Horror, the Art of Scaring People (Guest Post)


Horror—the art of scaring people.

Or is it? Is horror really the experience of having someone put in inexplicable peril with no obvious way out?

Hi, my name is Matt Harrill and I am the author of The ARC Chronicles, a series in the Horror genre that deals with demons having found a way to spawn back on earth, using the bodies they died in as hosts. One woman finds herself caught up in it, having been set on a path she had no idea she was following all of her life. She has to make choices, putting herself in ever increasing peril, leaving behind the life as she knew it.

So your interpretation of the word ‘horror’ depends on ultimately what scares you. I had a conversation with a very well-read gentleman recently that loved Hellbounce, the first book in my series. He said to me it was refreshing to have a series that was neither about vampires nor a serial killer. In essence I had a unique selling point.

Take the modern-day horror movie. As one well known critic in the UK put it, horror movies are very often "quiet…quiet…quiet…quiet…BANG!" How does that translate to text? Probably not all that well. So when I look at the story I am creating and try to define what it is that made me go horror, it was merely the coincidence that the idea that I had was purely about a subject that traditionally fell into that category.

Ten years ago I wrote a couple of volumes of an epic fantasy series I called "The Tome of Law." The chapters were long, the books very weighty, but it was acknowledged that I had a way of drawing in the reader, making them feel included in the events occurring in the story. It is for lack of a better term "my style."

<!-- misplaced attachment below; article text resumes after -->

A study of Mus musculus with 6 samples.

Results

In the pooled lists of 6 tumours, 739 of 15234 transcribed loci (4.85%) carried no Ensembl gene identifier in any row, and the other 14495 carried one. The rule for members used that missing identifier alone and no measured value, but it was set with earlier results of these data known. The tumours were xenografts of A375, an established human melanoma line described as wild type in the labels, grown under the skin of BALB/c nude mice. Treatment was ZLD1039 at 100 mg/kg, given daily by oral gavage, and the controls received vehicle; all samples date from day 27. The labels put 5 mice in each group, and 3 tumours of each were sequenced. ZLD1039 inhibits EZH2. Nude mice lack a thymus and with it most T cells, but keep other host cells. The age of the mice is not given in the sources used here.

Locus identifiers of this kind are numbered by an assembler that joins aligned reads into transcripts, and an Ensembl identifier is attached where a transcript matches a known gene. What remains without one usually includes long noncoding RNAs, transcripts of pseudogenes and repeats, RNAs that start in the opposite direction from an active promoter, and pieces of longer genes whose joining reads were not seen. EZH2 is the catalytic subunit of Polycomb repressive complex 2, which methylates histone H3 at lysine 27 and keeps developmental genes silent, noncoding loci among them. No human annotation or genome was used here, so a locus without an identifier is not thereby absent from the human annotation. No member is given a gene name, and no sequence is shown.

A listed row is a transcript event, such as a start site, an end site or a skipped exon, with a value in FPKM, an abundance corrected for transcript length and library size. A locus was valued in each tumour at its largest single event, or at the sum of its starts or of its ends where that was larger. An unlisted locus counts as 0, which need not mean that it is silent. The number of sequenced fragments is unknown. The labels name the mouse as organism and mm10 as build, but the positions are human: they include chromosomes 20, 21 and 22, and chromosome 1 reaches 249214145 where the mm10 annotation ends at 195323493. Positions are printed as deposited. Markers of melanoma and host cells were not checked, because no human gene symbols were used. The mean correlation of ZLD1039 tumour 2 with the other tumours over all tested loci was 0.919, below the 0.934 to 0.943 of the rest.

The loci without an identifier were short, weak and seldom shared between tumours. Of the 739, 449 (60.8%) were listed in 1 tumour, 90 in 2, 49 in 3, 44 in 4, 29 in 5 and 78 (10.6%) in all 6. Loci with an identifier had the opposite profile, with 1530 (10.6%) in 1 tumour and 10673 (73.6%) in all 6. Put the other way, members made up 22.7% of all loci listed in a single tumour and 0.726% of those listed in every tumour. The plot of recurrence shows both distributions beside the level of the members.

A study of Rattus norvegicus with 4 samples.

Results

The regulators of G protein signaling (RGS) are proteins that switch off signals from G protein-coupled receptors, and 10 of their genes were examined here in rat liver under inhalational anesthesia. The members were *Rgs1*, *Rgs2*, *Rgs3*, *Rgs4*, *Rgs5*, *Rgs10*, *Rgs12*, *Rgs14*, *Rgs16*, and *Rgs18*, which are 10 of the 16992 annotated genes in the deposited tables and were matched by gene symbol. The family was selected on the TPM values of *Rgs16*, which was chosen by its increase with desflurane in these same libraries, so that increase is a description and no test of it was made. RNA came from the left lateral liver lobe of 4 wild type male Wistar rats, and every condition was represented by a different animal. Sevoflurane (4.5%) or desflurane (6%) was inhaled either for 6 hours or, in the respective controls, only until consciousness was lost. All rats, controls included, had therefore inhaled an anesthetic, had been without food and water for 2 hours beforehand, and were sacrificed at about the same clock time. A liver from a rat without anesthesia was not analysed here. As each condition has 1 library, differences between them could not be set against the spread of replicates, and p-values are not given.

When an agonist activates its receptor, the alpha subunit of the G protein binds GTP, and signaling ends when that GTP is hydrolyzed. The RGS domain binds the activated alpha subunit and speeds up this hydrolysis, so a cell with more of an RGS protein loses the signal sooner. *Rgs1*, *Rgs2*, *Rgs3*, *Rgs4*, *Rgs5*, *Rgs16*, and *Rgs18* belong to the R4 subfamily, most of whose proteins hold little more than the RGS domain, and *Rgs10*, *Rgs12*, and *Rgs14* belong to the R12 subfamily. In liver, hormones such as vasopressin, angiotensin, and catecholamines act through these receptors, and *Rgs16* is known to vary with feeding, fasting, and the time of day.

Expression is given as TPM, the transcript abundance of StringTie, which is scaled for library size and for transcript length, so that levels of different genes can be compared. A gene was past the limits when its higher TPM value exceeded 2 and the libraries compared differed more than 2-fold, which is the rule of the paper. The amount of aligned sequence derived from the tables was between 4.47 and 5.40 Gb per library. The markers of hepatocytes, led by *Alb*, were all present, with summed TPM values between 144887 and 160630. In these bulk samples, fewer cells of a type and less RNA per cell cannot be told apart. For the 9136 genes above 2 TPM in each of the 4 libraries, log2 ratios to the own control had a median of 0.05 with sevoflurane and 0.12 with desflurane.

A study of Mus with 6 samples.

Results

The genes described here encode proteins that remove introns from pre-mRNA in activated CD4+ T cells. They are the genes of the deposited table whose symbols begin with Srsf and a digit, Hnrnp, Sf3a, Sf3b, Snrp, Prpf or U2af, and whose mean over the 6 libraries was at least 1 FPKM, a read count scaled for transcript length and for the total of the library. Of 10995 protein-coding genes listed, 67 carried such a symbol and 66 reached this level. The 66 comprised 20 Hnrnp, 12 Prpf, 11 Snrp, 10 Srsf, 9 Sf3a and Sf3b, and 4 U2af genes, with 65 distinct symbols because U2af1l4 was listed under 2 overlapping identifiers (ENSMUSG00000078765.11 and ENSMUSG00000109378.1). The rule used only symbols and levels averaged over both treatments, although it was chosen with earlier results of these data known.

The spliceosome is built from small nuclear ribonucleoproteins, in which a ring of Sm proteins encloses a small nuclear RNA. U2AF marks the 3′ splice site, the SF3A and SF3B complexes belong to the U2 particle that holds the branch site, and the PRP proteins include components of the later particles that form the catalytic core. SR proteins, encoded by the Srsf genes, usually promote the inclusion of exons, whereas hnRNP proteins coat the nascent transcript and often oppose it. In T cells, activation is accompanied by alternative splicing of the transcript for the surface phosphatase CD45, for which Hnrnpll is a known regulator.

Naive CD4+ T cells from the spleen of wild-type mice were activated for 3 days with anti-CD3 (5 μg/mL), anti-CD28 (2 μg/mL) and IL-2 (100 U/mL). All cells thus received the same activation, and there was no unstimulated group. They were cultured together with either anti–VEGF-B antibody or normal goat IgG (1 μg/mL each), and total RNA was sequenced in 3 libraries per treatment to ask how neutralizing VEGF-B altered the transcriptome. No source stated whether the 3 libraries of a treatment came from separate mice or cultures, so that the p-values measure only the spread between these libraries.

Back to the present, and my chapters are much, much shorter, and as such the hooks are much more prevalent. Horror to me is taking a character, and moving them from dilemma to dilemma, without so much as a pause for breath. It is making the character and the reader uncertain of what is going to happen. It is drawing you in, and seeing the world from their eyes, feeling their uncertainty, knowing that their thoughts don’t have all the answers. If you feel scared, it is only because the character is. If the character is human, they will inevitably have flaws. To me that is horror; exploiting the flaws of the protagonist when you as the reader have sympathy for them.

In short, in this book I’m exploiting the horror that comes from feeling “out of control.” Others write about death and pain and suffering, and all of that may come as a result of a character losing control of his life, but there is a very real sense of terror that comes with the loss of control.

Where others see horror, I see suspense, romance, adventure, politics. The covers of my books are true to the story. I have been immensely lucky in that I have had cover artists that shared my vision. However, in the ARC Chronicles, I put it to you that there is a series you can’t necessarily judge by the covers of the books. Perhaps you are game enough to find your own horror in the words that I write.



Check out Hellbounce and its sequel Hellborne.